Scientific name: Family Mustelidae
Otters have very sleek and streamlined bodies which are good for diving and swimming as they spend most of their time in the water. They also have long quite flat tails that move sideways to help them propel through the water, and they use their back feet to steer themselves. Almost all species of otters have webbed feet, and they can close off their ears and noses when they swim underwater. Otters can slow down their heart rate so that they use less oxygen, this means that they can stay underwater for about 5 minutes at a time.
Unlike most marine animals otters don’t have blubber so they have to rely on their fur to keep them warm. Otters have two layers of fur – a topcoat of waterproof guard hairs which are quite long and a undercoat that is thick and traps air which helps to keep the otters warm. Otters spend a lot of time grooming their fur because if it gets matted with oil etc it means they might not be able to hunt properly or to keep themselves warm.
There are 13 species of otters and the largest the giant otter can measure up to 2.4 metres (7.8 feet) long while the smallest otter the asian small-clawed otter measures about 0.9 metres (3 feet) long. The heaviest species is the sea otter with the males weighing up to 43 kilograms (95 pounds) and the lightest the asian small-clawed otter weighs about 5 kilograms (11 pounds).
The lifespan of the otter is about 15 -20 years and up to 25 years in captivity.
For most otters fish is the main part of their diet. River otters eat mostly fish but also crabs, crayfish, frogs and occasionally a small mammal or bird. The sea otter eats many of the same things but also sea urchins, abalone and clams which they crack open on rocks which they hold on their stomachs.
River otters use lots of energy and have a high metabolism so they have to eat several times a day. Sea otters also have a high metabolism and because of their lack of blubber they have to eat about 25% of their body weight in food each day.
Otters are found mainly in Africa, Asia, Central America, South America and parts of North America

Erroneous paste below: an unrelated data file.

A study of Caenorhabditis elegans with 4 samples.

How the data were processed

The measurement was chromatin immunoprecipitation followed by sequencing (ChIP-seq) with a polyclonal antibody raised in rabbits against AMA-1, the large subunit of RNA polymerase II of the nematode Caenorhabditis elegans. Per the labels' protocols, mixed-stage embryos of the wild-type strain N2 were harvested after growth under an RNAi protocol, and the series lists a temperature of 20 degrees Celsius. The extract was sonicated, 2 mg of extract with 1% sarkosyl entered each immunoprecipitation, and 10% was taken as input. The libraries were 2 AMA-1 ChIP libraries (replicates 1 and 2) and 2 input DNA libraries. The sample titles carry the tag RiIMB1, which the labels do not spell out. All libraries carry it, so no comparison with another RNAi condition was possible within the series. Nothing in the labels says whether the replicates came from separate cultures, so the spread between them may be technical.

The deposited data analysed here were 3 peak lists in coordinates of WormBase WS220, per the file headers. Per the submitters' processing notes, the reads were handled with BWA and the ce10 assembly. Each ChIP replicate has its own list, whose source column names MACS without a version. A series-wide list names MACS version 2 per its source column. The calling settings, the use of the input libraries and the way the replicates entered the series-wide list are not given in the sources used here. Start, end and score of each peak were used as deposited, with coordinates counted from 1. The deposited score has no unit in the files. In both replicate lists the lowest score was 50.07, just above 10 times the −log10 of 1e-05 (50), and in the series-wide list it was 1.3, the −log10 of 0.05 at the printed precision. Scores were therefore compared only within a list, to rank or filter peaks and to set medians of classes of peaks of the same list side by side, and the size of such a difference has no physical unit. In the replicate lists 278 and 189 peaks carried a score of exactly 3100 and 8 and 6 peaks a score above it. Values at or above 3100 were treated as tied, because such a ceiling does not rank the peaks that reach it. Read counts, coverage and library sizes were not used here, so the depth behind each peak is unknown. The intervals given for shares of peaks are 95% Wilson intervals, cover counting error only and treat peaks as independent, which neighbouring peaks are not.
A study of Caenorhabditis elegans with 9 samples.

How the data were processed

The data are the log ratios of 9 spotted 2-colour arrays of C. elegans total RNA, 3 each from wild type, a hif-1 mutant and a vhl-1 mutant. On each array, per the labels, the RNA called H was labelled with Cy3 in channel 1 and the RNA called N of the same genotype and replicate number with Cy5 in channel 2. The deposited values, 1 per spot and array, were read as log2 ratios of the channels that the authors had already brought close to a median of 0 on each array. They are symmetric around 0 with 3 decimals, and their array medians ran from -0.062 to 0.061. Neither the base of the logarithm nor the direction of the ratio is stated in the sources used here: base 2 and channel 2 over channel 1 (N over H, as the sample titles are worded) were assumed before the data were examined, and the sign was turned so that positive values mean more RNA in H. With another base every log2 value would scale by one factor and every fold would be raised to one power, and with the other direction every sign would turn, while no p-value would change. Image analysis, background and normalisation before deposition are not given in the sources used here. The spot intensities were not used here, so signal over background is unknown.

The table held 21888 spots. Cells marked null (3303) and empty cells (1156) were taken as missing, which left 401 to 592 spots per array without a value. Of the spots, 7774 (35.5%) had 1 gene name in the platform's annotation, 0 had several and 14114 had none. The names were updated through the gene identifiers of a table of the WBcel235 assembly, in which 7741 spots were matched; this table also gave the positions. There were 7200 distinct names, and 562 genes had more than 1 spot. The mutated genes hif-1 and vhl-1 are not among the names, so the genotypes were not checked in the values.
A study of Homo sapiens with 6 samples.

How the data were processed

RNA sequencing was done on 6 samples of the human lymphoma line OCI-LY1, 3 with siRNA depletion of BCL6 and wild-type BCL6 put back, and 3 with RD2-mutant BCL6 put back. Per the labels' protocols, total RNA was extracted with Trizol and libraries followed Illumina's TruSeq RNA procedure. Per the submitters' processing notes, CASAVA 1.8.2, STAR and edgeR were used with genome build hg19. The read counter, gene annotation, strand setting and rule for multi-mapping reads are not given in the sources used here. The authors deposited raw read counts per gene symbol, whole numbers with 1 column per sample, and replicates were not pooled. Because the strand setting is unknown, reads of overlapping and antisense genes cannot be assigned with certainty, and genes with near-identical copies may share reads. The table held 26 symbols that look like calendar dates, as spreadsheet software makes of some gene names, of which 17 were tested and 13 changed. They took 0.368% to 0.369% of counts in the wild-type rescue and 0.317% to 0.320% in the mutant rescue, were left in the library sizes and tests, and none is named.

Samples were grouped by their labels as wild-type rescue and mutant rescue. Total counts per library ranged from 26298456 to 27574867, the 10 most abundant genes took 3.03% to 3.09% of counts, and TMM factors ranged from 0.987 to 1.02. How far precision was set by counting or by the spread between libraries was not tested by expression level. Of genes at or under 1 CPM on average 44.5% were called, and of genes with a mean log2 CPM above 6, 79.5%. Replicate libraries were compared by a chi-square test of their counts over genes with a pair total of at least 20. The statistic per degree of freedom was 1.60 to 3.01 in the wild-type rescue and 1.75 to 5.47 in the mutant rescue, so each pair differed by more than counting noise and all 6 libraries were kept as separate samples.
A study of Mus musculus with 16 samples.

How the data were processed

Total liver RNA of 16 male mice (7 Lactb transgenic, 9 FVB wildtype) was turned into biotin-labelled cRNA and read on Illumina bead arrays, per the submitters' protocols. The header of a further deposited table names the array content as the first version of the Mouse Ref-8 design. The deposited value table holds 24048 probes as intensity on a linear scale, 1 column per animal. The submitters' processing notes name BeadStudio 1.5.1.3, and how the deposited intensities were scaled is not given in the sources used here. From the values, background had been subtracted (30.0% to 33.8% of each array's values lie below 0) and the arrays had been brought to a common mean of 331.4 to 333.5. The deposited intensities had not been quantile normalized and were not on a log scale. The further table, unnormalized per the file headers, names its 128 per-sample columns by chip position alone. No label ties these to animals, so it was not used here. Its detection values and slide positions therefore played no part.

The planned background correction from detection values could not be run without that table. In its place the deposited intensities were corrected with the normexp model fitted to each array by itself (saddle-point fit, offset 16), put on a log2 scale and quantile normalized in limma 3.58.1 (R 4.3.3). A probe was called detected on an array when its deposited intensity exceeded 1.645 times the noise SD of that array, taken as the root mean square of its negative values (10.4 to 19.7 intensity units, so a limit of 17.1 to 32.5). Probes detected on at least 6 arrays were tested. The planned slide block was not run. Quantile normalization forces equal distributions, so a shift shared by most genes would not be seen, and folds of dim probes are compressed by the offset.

Sea otters are found in the Pacific Ocean and along the coastline, but most otter species are found in rivers, lakes and swamps and they are equally at home on land or water.
Otters reach sexual maturity between 2 to 5 years. The female otter will usually have between 1 and 6 pups depending on the species. The gestation period for the smaller otters is about 2 months. For most otters (not the sea otter) the pups are born in a den with their eyes closed and they are helpless. The mother takes care of the pups and they open their eyes and start exploring after about one month, at roughly two months they start swimming, and they stay with their mother and brothers and sisters until they are about 1 year old.
For the sea otters it is different because their habitat is the ocean. Sea otter pups are born with their eyes open, and even though they are not able to swim they have a coat of hair that lets them float. Their mother carries them on her stomach for the first two months until they are ready to start swimming and diving on their own.
Some species of otters live solitary lives but other species live in extended family groups. These groups are usually made up of a mother, her new pups, plus the otters she has had previously, the males tend to live with a few other males or spend most of their time alone.
Otters are extremely energetic and they really seem to like to play. They like to be busy most of the time either hunting or playing, they like to throw things, wrestle, chase their tails or chase each other. River otters like to slide down the banks of the river into the water and they will do it over and over again. Otters make lots of different sounds from screaming to growling. All of this playfulness is part of thier courtship, communication and bonding.
Different from other marine animals sea otters do not have blubber to keep them warm and have to rely on their fur.
Otters have a very high metabolism and have to eat a lot of food per day, or eat several times a day.
They are very playful creatures and are intelligent and very curious.